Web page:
Photo credit: Bibliotheque nationale de France

 

In 1913, John Archer became the first person of African descent to be elected Mayor of London. He was elected Mayor of Battersea in hotly contested elections that he won by a single vote. According to English Heritage, it was a watershed moment because it was the first time a Black person would hold a senior public office in London.

Election observers argue that Archer was well aware of the weight placed on his shoulders by that decision; thus, in his acceptance speech, he acknowledged that the councilors voted in his ability to confront their challenges rather than the color of his skin or existing prejudice.



He was elected to the Battersea Borough Council in 1906. He lost his seat in 1909, but he worked tirelessly to reclaim it in 1912 and keep it until 1931, when he was appointed deputy leader of the Labour group.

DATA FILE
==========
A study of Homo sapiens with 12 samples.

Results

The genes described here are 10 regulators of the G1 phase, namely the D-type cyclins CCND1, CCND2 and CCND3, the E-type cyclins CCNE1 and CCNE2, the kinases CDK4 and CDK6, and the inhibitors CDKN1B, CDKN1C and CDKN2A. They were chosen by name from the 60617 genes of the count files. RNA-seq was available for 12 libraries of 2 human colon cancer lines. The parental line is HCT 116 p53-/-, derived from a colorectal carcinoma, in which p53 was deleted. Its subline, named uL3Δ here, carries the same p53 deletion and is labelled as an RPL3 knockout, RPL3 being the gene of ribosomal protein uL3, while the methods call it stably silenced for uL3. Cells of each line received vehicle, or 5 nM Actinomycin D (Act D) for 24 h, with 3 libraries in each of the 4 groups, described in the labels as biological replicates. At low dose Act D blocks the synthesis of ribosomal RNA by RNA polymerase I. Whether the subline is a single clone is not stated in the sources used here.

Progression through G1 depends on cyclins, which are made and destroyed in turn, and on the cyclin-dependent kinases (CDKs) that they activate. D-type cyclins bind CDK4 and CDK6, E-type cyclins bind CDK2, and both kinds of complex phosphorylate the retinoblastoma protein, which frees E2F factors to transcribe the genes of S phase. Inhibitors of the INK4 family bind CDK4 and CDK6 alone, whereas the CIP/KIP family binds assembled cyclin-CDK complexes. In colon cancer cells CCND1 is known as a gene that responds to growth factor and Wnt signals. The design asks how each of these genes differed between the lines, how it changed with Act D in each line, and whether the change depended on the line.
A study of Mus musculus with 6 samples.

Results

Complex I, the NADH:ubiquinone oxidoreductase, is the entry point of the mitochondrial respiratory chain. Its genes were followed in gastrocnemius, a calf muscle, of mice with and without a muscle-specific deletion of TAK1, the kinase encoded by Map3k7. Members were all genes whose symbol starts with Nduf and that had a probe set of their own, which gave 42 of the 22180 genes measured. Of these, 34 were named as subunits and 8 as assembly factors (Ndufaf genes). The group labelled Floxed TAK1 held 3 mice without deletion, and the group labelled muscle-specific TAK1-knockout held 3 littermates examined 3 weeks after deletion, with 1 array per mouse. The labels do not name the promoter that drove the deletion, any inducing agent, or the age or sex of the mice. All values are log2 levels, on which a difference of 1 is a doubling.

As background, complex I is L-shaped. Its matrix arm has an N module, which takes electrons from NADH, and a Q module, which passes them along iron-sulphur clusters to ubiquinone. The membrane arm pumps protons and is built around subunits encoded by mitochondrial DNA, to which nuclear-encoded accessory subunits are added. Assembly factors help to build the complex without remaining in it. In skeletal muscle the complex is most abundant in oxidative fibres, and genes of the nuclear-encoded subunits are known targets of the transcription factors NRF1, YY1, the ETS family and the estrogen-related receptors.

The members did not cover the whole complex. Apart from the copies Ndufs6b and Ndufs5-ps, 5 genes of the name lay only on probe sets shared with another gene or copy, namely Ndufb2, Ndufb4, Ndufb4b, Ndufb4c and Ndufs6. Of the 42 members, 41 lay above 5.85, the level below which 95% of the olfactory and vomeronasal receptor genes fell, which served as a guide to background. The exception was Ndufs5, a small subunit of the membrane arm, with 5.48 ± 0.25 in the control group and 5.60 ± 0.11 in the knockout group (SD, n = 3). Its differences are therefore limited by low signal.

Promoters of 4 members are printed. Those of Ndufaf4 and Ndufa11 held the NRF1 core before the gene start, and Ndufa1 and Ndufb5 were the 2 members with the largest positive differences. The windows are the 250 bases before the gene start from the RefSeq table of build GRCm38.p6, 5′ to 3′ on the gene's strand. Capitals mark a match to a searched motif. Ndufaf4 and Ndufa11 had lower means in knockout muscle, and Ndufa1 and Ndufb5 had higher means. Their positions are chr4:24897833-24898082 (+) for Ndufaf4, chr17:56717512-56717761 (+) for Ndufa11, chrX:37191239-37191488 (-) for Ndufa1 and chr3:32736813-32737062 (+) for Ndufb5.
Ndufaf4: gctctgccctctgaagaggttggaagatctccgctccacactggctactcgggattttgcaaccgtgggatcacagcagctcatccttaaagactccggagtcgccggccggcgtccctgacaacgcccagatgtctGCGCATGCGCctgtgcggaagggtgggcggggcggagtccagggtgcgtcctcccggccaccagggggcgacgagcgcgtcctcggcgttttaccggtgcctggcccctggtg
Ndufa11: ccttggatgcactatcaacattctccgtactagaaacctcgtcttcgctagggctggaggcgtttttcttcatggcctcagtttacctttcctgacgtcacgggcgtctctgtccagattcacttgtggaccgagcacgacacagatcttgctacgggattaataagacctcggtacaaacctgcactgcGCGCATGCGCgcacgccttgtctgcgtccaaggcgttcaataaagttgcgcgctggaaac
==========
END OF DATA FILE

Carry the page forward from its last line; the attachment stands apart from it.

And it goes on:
Despite only serving as Mayor for one term, Archer never lost sight of his political calling and advocacy. He was active in politics, speaking out against cuts to unemployment benefits and the use of a workhouse for Battersea’s young employed. He later became the secretary of the North Battersea Labour Party.

After a brief illness, he died on July 14, 1932, at the St. James Hospital in Balham. He died just a few weeks after turning 69. His funeral was held at the Church of Our Lady Carmel on Battersea Park Road, and his ashes were interred in the Morden Council Cemetery.

During the 1980s, a secondary school was named in his honor in recognition of his advocacy for social equality and justice. Archer House, a section of the Battersea Village residential complex, was named after him when it was completed in the 1930s.

In 2004, Archer was named one of the 100 Great Black Britons, finishing 72nd in a public vote. That was not the only distinction bestowed upon London’s first Black mayor. He was honored with a blue plaque from Nubian Jak in 2011, which was broadcast on Reggae TV Channel.